We Energies Wants Yet Another Rate Hike
Both consumer and business advocates castigate excess profits of utilities.
It is rare that consumer and business advocates are on the same side, but Wisconsin’s public utilities have managed to bring them together in opposition to their request for yet more rate increases. All five of these public monopolies requested and got rate increases for 2023 and all five want rate increases again for 2024-25.
We Energies, which provides gas and electric power for the entire Milwaukee metro area, was awarded an 11.3% increase in its residential rates and 8.7% hike in its industrial rate for 2023 and wants to increase those rates by 3.1% and 3% respectively in 2024-25.
“Wisconsin’s utilities have recently filed for over a half billion dollars in higher electric rates, fuel surcharges and natural gas rates for 2024 and 2025. This is essentially a new half billion dollar tax on state residents and businesses,” says Todd Stuart, executive director of Wisconsin Industrial Energy Group (WIEG), a non-profit whose budget comes from 25 industrial firms that are concerned about rising rates for electricity.
The group’s concern is shared by the Citizen’s Utility Board (CUB), a nonprofit which represents consumers affected by utility rates. “We remain concerned that our electricity rates are higher than nearly all other Midwest states and that our utilities are earning profits well above what they need.” says Tom Content, executive director of CUB.
“Wisconsin’s electric rates have been above the Midwest average for almost 20 years,” Stuart charges. “A new round of rate hikes will hit manufacturers especially hard because it is one of their top costs of doing business. It also harms the state’s competitiveness for the companies looking to expand operations or relocate here.”
The very fact that these two groups were created speaks volumes about the inability of the state Public Service Commission (PSC) to truly serve the public in setting rates for utilities.
A study commissioned by the WIEG found that over a six-year period, 2014-2019, Wisconsin’s electric rates were on average, 10.2% higher than the national average and 10% higher than the midwestern average for investor-owned utilities.
But no utility in Wisconsin had higher rates than We Energies. Another study commissioned by the WIEG found that the Milwaukee-based utility had the third highest rates of any of 50 investor-owned utilities in the Midwest. No other utility in Wisconsin ranked higher than 21st.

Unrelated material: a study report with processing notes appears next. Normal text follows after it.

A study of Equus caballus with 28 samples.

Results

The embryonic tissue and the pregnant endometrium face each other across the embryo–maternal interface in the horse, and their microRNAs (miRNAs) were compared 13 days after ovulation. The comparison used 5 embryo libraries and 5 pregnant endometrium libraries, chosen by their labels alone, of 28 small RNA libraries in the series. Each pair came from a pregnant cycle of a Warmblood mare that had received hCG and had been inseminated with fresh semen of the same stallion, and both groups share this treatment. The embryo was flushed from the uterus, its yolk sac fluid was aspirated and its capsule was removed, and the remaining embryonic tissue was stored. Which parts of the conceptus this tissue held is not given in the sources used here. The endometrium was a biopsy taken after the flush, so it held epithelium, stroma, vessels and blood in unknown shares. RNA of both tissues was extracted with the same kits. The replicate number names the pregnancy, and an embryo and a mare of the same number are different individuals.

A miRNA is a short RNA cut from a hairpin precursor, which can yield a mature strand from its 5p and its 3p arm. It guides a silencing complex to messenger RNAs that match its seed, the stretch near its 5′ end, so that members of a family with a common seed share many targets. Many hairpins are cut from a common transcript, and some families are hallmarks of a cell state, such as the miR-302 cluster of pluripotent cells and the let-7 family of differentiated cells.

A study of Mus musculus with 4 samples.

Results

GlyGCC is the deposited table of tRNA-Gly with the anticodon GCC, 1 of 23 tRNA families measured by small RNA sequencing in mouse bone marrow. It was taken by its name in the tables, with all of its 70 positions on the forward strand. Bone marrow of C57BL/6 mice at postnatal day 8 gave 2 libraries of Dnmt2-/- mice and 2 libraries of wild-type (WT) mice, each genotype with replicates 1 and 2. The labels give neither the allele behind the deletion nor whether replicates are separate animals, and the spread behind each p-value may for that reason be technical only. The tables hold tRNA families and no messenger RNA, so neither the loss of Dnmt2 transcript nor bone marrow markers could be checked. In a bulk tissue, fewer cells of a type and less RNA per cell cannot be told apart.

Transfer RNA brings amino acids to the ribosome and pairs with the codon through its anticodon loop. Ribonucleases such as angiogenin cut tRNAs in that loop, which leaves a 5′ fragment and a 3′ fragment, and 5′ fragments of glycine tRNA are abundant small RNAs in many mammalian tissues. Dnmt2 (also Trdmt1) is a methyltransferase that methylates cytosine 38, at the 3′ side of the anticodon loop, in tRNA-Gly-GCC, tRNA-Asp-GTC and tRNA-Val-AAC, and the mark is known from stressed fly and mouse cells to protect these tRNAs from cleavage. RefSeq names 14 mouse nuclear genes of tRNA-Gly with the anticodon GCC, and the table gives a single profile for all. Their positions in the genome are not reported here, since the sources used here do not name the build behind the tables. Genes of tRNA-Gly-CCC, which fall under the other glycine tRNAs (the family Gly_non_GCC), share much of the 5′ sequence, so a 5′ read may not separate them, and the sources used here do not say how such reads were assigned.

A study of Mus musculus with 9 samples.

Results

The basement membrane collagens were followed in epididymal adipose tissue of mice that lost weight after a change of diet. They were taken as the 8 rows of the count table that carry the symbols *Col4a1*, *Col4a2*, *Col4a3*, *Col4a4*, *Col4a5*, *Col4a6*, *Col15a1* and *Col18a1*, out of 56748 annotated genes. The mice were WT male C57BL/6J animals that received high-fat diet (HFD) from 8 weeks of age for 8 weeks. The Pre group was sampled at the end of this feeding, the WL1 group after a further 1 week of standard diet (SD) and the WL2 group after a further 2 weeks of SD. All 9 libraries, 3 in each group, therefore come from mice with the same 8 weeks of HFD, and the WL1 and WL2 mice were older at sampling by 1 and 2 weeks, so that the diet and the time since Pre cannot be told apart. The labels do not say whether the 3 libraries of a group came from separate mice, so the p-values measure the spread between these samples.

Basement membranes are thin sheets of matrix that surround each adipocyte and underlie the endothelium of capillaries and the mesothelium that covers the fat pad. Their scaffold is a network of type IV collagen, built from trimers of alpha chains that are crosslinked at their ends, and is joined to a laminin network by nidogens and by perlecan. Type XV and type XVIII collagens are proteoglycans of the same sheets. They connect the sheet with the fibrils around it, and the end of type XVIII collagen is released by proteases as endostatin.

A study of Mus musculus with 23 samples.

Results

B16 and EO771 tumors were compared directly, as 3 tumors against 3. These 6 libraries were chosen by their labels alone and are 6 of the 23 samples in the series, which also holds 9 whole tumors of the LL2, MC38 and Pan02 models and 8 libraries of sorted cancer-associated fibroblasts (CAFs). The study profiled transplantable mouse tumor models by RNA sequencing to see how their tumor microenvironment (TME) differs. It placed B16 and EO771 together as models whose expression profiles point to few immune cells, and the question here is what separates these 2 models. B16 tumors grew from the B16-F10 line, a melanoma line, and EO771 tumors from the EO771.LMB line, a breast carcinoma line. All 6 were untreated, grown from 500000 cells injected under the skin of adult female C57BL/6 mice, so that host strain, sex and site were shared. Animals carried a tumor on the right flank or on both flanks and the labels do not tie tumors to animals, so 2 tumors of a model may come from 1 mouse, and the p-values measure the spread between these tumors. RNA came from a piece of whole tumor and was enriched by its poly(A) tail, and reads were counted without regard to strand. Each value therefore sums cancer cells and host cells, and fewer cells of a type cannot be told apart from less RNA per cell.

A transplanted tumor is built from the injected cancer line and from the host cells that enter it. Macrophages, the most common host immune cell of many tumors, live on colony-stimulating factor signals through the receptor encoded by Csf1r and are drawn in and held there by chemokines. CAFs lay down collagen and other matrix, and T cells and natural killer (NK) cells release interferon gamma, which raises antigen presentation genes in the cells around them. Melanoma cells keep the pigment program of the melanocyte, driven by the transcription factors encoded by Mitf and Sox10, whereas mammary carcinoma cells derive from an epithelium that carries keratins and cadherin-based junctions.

But Brendan Conway, media relations manager for We Energies, contends that the important thing is not the rate charged per kilowatt of electricity, but the average bill, and “our typical bills are below the national and Midwest average.”
But Conway offered no research to back up this claim. And the idea of ranking utilities based on the typical bill for electricity would be misleading, because Wisconsin is one of the northernmost states and uses less air conditioning.
Conway’s contention, moreover, is undercut by the May Investor Update by WEC Energy Group, the parent company for We Energies, which brags about the company’s ever rising earnings growth over the last 20 years. The company has the “Top decile dividend growth” in the industry and marked “the 20th consecutive year of rewarding shareholders with higher dividends.”
Which is driven by the rates it charges and the resulting remarkable profits it makes.
An analysis by CUB noted that the profits for the monopoly utilities that operate in Wisconsin was $1.3 billion in 2022, including $758 million for WEC Energy Group’s two utilities, We Energies and Wisconsin Public Service (which serves a different park of the state). “The profits are far too high and well in excess of what these companies need to invest in their businesses.”
In its testimony before the PSC last year, CUB argued that the state commission had not done “a deep dive analysis or review of utility profit rates… for most of the past decade for these utilities.” CUB pushed for a reduction in the allowed profit rate or return on equity, cutting it from an average of about 10.1% for utilities in Wisconsin to about 9.1%.
Ultimately the PSC cut the profit rate to 9.8%. In the case of WEC Energy Group and its two utilities, that saved consumers $40 million. But cutting it to 9% would have saved consumers more than $100 million, the CUB analysis noted.
The whole question of how great a return on equity a monopoly utility needs to borrow money from Wall Street has gotten increasing attention from researchers. A 2019 study by researchers at Carnegie Mellon in 2019 found that “Based on a database of U.S. electric utility rate cases spanning nearly four decades…it would appear that regulators are authorizing excessive returns on equity to utility investors and that these excess returns translate into tangible profits for utility firms.”
A 2022 report by researchers at the UC-Berkeley collected data on over 3,500 regulatory rate cases for electricity and natural gas utilities between 1980 and 2021 and found that regulators were allowing an excess rate of return on the cost of capital and that “excess costs to consumers could range from $2 billion to $20 billion per year, with the most likely number in the middle of that range.”
In short, that’s about $10 billion per year in excess profits for utilities, all paid for by rate payers. And to judge by the utility rates in Wisconsin, which are 10% higher than for both the Midwest’s and the nation’s utilities, the highest excess profits are going to this state’s utilities. And We Energies stands at the top of that group. Maybe someone at the PSC should start paying attention.